According to a YouGov survey, nearly half of UK adults (48 per cent) stated that they would switch to a different brand within the same supermarket, suggesting for a significant portion of consumers, either loyalty lies more with the store than the specific product, or convenience trumps brand loyalty.

    On the flip side, 33 per cent of respondents said that they would purchase the same discontinued product from a different supermarket, suggesting that, for many, being able to buy their preferred brand is non-negotiable.

    Surprisingly, just 7 per cent of participants assert that they would stop purchasing the discontinued product altogether. Additionally, 13 per cent of respondents expressed uncertainty about their course of action.

    Looking at broader economic considerations, the survey examined the likelihood of shoppers switching supermarkets if the average spend at their primary store increased by 10 per cent or more.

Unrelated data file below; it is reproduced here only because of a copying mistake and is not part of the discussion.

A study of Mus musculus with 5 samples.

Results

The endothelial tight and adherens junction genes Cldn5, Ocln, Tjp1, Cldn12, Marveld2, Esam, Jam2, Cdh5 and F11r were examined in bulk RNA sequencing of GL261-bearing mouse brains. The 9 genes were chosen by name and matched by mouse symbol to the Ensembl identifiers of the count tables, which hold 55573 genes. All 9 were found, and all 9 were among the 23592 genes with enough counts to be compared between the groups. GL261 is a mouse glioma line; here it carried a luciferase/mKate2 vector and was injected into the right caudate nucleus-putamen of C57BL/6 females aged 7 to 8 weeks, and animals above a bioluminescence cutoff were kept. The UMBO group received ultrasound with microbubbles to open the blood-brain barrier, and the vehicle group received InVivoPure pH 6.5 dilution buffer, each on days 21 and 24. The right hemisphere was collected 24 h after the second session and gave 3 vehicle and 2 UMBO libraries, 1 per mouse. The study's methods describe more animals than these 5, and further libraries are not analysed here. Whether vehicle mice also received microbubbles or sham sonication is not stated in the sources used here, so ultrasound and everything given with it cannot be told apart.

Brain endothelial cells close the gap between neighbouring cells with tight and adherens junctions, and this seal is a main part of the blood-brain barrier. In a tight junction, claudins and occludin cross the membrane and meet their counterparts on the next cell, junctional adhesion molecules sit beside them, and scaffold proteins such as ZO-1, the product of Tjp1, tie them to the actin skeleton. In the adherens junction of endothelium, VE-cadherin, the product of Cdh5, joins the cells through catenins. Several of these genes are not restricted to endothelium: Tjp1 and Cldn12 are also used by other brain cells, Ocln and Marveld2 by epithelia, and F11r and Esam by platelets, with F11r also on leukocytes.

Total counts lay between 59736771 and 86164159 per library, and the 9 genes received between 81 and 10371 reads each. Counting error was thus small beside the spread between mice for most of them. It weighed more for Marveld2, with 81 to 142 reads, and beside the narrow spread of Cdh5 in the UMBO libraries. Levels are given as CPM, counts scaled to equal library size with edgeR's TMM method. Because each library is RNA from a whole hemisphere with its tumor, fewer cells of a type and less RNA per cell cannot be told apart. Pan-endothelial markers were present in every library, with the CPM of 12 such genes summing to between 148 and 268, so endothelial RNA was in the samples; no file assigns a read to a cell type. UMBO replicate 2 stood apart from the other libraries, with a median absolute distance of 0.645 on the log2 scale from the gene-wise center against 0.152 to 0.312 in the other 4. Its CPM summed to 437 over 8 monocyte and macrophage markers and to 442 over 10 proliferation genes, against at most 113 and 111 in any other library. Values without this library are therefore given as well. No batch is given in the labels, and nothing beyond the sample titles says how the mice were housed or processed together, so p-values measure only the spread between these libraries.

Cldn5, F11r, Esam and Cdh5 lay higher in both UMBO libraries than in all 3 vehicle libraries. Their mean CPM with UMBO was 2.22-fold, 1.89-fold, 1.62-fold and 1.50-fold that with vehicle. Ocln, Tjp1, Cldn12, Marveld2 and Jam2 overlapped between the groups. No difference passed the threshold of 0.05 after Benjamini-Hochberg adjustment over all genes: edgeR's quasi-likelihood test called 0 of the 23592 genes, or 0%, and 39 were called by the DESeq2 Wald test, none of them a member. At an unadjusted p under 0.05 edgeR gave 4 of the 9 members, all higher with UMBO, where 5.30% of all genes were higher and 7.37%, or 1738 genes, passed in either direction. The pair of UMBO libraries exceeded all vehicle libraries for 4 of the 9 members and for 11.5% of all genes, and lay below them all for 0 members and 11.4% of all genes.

Two-thirds of respondents (67 per cent) claimed that they would be either “very likely” or “somewhat likely” to switch retailers, while 27 per cent expressed an inclination to remain with their current supermarket despite the increased costs. YouGov noted this suggests that while price sensitivity is a critical factor, other factors such as convenience, location, or service quality continue to play pivotal roles in shaping consumer decisions.

    As supermarkets grapple with the challenge of discontinuing products due to rising prices, the survey also explored potential mitigating strategies. When asked about the most useful incentives to purchase from supermarkets that decide to discontinue a product, 59 per cent of respondents favour lower-cost alternatives, emphasising the importance of affordability in consumer decision-making.

    Discounted products emerge as a secondary preference, but at a significantly lower rate, with 15 per cent of respondents considering them the most useful incentive. Loyalty programme incentives also hold some sway, with 14 per cent expressing a preference for such rewards.

    YouGov concluded that while price sensitivity is evident, brand loyalty and a willingness to explore alternative products within the same supermarket underscore the complexity of factors influencing consumer decisions. It suggests that supermarkets aiming to navigate the delicate balance between maintaining profitability and satisfying customer expectations should consider a nuanced approach that combines affordability, incentives, and effective communication.